University of Mississippi

Fulbright Award Winner to Teach in Latin America

Ryan Ezelle heads to the Dominican Republic in August—

The recipient of a 2013 Fulbright U.S. Student Award is a May graduate with degrees in international studies and Spanish and a minor in English from Union, Miss. He said he wanted to further his studies and experiences abroad, specifically in Latin America, beyond the typical semester, so the Fulbright is the perfect opportunity. An internship last summer with the Sunflower County Freedom Project, where he was a writing teacher and mentor for middle-school students, inspired him to apply for an English Teaching Assistantship.

“Last summer when I was interning with the Sunflower County Freedom Project, I had several duties, including teaching writing to seventh-to-ninth graders, leading an exercise group and accompanying the kids on camping trips to places important to the civil rights movement,” Ezelle said. “It was truly a formative experience, one where I learned both the difficulty of teaching and its value as a part of the wider movement for educational equality. It will be great, I think, to take those things that I learned here in my home state and enrich them in an international context.”

Becca Bassett, program director for the Sunflower County Freedom Project, said Ezelle used his experience as a writing tutor at UM to craft thoughtful, engaging lessons for her students.

“Although every day didn’t always go as planned, Ryan’s enthusiasm and genuine desire to help students improve their writing created a classroom environment where students worked hard to succeed,” Bassett said. “Ryan was not only a teacher, but also a mentor at the Freedom Project and spent time during trips and fitness class building strong relationships with students.”

Ezelle found out he had been awarded the Fulbright during the hectic time of final exam week.

“It was still a thrill to find out, and a relief. I’m still not sure it’s completely sunk in, since I’ve been so busy with graduation,” said Ezelle.

“I don’t have all the details yet, but I know I’ll be serving as an English teaching assistant at a university in the Dominican Republic, probably in the capital, Santo Domingo,” said Ezelle, who was a member of Phi Kappa Phi and Phi Beta Kappa, as well as a Carrier Scholar and Taylor Medal recipient. He won the Gerald M. Abdalla Prize for International Studies and the Estella G. Hefley Award for achievement in Spanish.

“From what I understand, I’ll be helping give presentations to English classes, particularly ones having to do with U.S. culture, society and language. I’ll also be carrying out a project on the side to go along with these responsibilities, tentatively an English language drama club.”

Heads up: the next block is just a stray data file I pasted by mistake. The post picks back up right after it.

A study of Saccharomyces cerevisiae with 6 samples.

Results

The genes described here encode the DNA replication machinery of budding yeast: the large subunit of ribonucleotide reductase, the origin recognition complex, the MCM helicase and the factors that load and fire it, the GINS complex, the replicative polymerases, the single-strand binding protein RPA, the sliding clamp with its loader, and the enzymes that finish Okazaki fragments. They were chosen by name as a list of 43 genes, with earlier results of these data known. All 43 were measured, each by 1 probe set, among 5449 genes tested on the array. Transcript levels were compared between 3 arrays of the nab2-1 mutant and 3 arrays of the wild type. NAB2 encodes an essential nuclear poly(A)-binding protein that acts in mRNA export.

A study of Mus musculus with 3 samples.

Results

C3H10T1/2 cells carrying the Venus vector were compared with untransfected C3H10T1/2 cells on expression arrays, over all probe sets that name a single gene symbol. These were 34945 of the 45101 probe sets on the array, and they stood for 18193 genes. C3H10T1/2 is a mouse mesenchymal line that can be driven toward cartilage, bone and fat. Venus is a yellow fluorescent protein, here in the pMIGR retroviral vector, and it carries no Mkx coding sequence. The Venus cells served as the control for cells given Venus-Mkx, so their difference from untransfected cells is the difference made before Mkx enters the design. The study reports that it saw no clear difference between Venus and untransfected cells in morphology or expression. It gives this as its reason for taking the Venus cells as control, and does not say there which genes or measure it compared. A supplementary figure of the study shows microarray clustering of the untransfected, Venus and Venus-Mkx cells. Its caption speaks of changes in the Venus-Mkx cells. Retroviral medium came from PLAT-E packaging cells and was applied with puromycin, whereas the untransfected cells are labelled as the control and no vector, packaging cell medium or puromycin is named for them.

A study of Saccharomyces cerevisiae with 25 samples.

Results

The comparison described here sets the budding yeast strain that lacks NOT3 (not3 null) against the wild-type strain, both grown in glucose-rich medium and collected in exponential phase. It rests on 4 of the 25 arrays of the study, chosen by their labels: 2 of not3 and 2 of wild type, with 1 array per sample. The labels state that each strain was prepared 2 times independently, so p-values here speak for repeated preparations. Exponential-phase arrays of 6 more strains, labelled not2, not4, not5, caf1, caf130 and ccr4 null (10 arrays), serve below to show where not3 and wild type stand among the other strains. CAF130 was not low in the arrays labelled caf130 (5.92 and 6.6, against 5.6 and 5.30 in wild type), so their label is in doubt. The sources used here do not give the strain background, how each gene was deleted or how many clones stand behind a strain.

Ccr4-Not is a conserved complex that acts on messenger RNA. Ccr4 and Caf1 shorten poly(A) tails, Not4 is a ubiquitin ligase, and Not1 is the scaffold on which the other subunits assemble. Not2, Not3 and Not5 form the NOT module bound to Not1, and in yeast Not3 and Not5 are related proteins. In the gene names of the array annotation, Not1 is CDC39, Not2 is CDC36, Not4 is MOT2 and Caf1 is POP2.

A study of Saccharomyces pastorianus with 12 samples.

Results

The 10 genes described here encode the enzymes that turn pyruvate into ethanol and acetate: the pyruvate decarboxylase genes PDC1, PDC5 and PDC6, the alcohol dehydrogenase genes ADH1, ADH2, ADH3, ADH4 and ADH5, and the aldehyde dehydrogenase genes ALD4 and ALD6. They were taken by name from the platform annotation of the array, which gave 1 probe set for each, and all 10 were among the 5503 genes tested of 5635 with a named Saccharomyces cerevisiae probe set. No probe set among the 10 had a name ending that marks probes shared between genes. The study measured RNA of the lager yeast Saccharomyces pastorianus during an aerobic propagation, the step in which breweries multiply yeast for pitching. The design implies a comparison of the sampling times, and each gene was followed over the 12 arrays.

Brenda Robertson, director of the UM Writing Center, said she recommended Ezelle because his skills, patience and leadership experience will serve his students well.

“Ryan Ezelle has the admirable ability to balance academic responsibilities and a social life,” Robertson said. “Somehow he has also found time to serve his community in multiple ways and to also work as a writing consultant in the writing center. Ryan accomplished much through his own efforts but his greatest strength is good character, a quality he began developing before he entered Ole Miss, but one he never failed to draw upon in any situation he encountered.”

Ezelle leaves for Santo Domingo in August and will remain there for a full academic year. He said he is looking forward to studying and working in another country, as well as forming and strengthening relationships with partners at the U.S. Embassy and Dominican colleagues and friends.

“Besides that, I love the history and culture of the Caribbean, and to live there for extended period of time will be fascinating,” he said.

Ezelle is the university’s 12th Fulbright U.S. Student Award winner since 2000. Last year, Martin Ducote won a Fulbright for research in the field of automotive engineering in Karlsruhe, Germany, and Tim Colston won a Fulbright for research in the field of herpetology in Ethiopia.

“I could never have successfully applied for the Fulbright without the guidance and unrelenting support I have received from my professors, friends and family at Ole Miss,” said Ezelle, the son of Joey and Susan Ezelle. “Especially those in the Croft Institute and the SMBHC who have always encouraged us to investigate the world around us and have provided us with the knowledge to do so responsibly.”

Established in 1946, the Fulbright Program is the flagship international educational exchange program sponsored by the U.S. government and is designed to increase mutual understanding between the people of the United States and the people of other countries. The primary source of funding for the Fulbright Program is an annual appropriation made by the U.S. Congress to the U.S. Department of State, Bureau of Educational and Cultural Affairs.

Students interested in applying for the Fulbright U.S. Student Award are encouraged to contact Andrus Ashoo, the Fulbright Program Adviser of the Office of National Scholarship Advisement, at

Ezelle served as Class Marshal for the College of Liberal Arts during spring commencement ceremonies at the University of Mississippi. He was chosen by his academic dean.

A graduate of Union High School, he is the son of Joey Keith and Susan Wall Ezelle of Union.